WESTFIELD, NJ — The Westfield Public School District’s tentative 2020-21 budget would include a 2% increase in tax levy and an approximately $340,000 reduction in staff costs, the school district's business administrator said Tuesday.

During her presentation to the school board, Business Administrator Dana Sullivan highlighted an approximately $1.06 million gap between anticipated revenue increases and costs. Revenue for the district is expected to increase by about $2.45 million, Sullivan said. The majority of this, $2.03 million, would be funded through the tax levy increase, while the remaining amount would come from increases in subscription busing and projected state aid.

Meanwhile, the district anticipates approximately $3.51 million in expenditure increases, most of which comes from increases in salaries and special services costs.


Despite these increases, Sullivan said, the district is still spending efficiently. The average cost per pupil in the district is $13,803, compared to the state average $15,809 per pupil. The district spends 61.73% of this cost per pupil directly on instruction costs, Sullivan said.

Why are costs increasing?

Sullivan said the overall operating budget increase is about 2% over last year, which is consistent with previous years. 

“Areas that are largely out of our control are increasing much more than 2% a year,” Sullivan said, including special education, out of district tuition and transportation. The costs in these areas for 2020-21 are as follows:

  • Special Education: $27,163,470 (26.36% increase since 2013-14)
  • Out of District Tuition: $6,499,993 (38.99% increase since 2013-14)
  • Transportation: $3,914,034 (43.6% increase since 2013-14)

When discussing transportation, Sullivan explained that neither the number of students being bused or number of bus routes has changed drastically, but that costs have increased because of higher rates set by bus companies.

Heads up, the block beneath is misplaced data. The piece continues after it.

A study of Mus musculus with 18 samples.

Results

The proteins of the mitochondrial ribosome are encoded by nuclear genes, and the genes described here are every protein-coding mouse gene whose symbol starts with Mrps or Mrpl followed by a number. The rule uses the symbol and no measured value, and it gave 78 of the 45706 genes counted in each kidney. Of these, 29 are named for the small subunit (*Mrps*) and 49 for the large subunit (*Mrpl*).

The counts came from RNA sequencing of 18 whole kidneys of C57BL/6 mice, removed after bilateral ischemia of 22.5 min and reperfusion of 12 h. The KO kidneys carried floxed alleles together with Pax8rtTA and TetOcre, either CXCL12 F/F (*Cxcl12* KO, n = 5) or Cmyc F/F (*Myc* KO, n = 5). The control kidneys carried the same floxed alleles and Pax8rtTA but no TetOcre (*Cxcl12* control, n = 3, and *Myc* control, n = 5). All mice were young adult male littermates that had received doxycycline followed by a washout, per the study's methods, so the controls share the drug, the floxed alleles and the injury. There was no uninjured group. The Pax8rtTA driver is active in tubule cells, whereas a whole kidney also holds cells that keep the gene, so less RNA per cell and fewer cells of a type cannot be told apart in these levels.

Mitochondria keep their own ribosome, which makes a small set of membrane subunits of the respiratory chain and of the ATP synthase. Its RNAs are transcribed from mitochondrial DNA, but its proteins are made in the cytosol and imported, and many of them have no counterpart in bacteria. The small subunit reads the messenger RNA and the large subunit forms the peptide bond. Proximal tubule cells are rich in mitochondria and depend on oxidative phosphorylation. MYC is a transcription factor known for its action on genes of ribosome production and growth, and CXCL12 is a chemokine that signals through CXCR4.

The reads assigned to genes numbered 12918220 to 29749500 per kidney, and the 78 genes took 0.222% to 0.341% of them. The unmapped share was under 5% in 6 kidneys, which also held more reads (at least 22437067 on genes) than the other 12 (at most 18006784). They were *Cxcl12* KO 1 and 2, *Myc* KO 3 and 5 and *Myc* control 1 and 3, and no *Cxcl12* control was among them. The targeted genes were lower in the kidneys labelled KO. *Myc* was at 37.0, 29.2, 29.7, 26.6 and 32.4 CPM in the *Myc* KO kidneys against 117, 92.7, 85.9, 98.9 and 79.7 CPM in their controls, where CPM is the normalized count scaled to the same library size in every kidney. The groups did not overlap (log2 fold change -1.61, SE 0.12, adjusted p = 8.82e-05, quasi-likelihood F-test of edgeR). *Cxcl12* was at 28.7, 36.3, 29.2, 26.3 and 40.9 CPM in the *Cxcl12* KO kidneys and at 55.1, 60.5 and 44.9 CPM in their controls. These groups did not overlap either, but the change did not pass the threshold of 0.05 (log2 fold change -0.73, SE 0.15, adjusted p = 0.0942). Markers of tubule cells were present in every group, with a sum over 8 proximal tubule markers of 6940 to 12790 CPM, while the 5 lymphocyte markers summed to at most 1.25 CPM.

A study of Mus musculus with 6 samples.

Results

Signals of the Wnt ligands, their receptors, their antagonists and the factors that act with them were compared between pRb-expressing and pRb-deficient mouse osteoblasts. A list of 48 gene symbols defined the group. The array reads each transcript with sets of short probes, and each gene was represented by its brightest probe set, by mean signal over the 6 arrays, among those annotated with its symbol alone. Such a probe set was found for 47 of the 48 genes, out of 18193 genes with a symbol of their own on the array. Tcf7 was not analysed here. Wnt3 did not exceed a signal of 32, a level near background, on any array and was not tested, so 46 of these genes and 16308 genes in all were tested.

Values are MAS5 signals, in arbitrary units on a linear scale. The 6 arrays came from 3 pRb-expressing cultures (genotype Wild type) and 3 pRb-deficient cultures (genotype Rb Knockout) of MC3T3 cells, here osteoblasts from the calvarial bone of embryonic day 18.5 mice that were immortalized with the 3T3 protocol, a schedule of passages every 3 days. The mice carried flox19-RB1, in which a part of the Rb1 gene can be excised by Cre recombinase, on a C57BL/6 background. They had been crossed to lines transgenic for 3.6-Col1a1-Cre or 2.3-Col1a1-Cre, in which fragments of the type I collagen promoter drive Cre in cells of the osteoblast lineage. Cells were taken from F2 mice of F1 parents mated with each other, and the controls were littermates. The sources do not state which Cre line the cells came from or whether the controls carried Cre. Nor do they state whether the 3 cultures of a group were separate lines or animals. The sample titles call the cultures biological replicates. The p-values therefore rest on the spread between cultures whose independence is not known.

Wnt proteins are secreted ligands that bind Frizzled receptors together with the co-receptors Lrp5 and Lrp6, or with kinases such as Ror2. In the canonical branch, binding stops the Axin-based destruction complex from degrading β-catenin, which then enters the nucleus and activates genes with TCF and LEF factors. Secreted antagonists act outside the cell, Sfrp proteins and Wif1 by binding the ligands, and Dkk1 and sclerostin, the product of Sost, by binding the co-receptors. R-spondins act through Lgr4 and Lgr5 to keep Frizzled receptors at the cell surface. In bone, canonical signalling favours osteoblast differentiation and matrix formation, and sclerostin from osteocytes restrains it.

“Bus companies just can tell us that we don’t want to renew this contract, and then we have no choice but to go out to bid,” Sullivan said. “The same bus company ends up being the low bidder at double the cost, and there’s nothing we can do, it’s completely out of our control. That’s the state law.”


Sullivan said the district considered purchasing buses, but that this would not have been cost effective.

“If it could help us with athletics, it would make sense. But it doesn’t because athletics starts before the last kids get home,” Sullivan said. “We can’t tier it in such a way that it makes sense.”

How will the district offset costs?

In order to balance the budget, the district must make approximately $1.06 million in reductions to the budget, Sullivan said.

The district is proposing a $340,837 reduction of staff costs, along with reductions in transportation, technology, utilities and special education costs. The staff reductions may include layoffs, Sullivan said.

“When you’re talking about making reductions of a million dollars, it is impossible to make reductions that don’t include staff,” Sullivan said. “It’s a very labor-intensive industry that we’re in, and that’s just the reality.”

“It could be layoffs for people,” she said. “It would be the newest people that would be laid off because that’s the way we have to do it.”

Superintendent Margaret Dolan said the district is examining the current personnel list to ensure every staff member is assigned effectively. “We’ve been scouring personnel and how they’re assigned,” Dolan said.

How does the board feel?

“This is the first time in a while … where I’ve felt a little panicked,” said board member Gretchan Ohlig. “It’s the first time that we’ve talked about staff reductions in a while,” she added later.

“It’s more on-edge than we’ve been in five or six years for sure,” said board member Brendan Galligan.

Sullivan explained that the proposed reductions would not have any drastic effects on the district.

“I don’t think anyone has to panic. I don’t think we’re looking at reductions that are going to cause a panic,” Sullivan said. “I’m not making any reductions that I think will be a major problem as far as being able to sustain the budget, and we certainly aren’t looking at reductions in staff that are going to be drastic.”

What happens next?

The state is expected to release state aid figures to the district Thursday. Sullivan will then factor these into the budget and present the tentative budget to the board during its next meeting Tuesday, March 10. At this meeting, the board will vote on the tentative budget, which will then be sent to the county.

The board will vote on the final budget April 28.

The next Westfield Board of Education meeting will be held on Tuesday, March 10 at 7:30 p.m. at 302 Elm Street in Westfield.

The full presentation of this year’s budget, as well as previous years’ budgets, is available on the district website.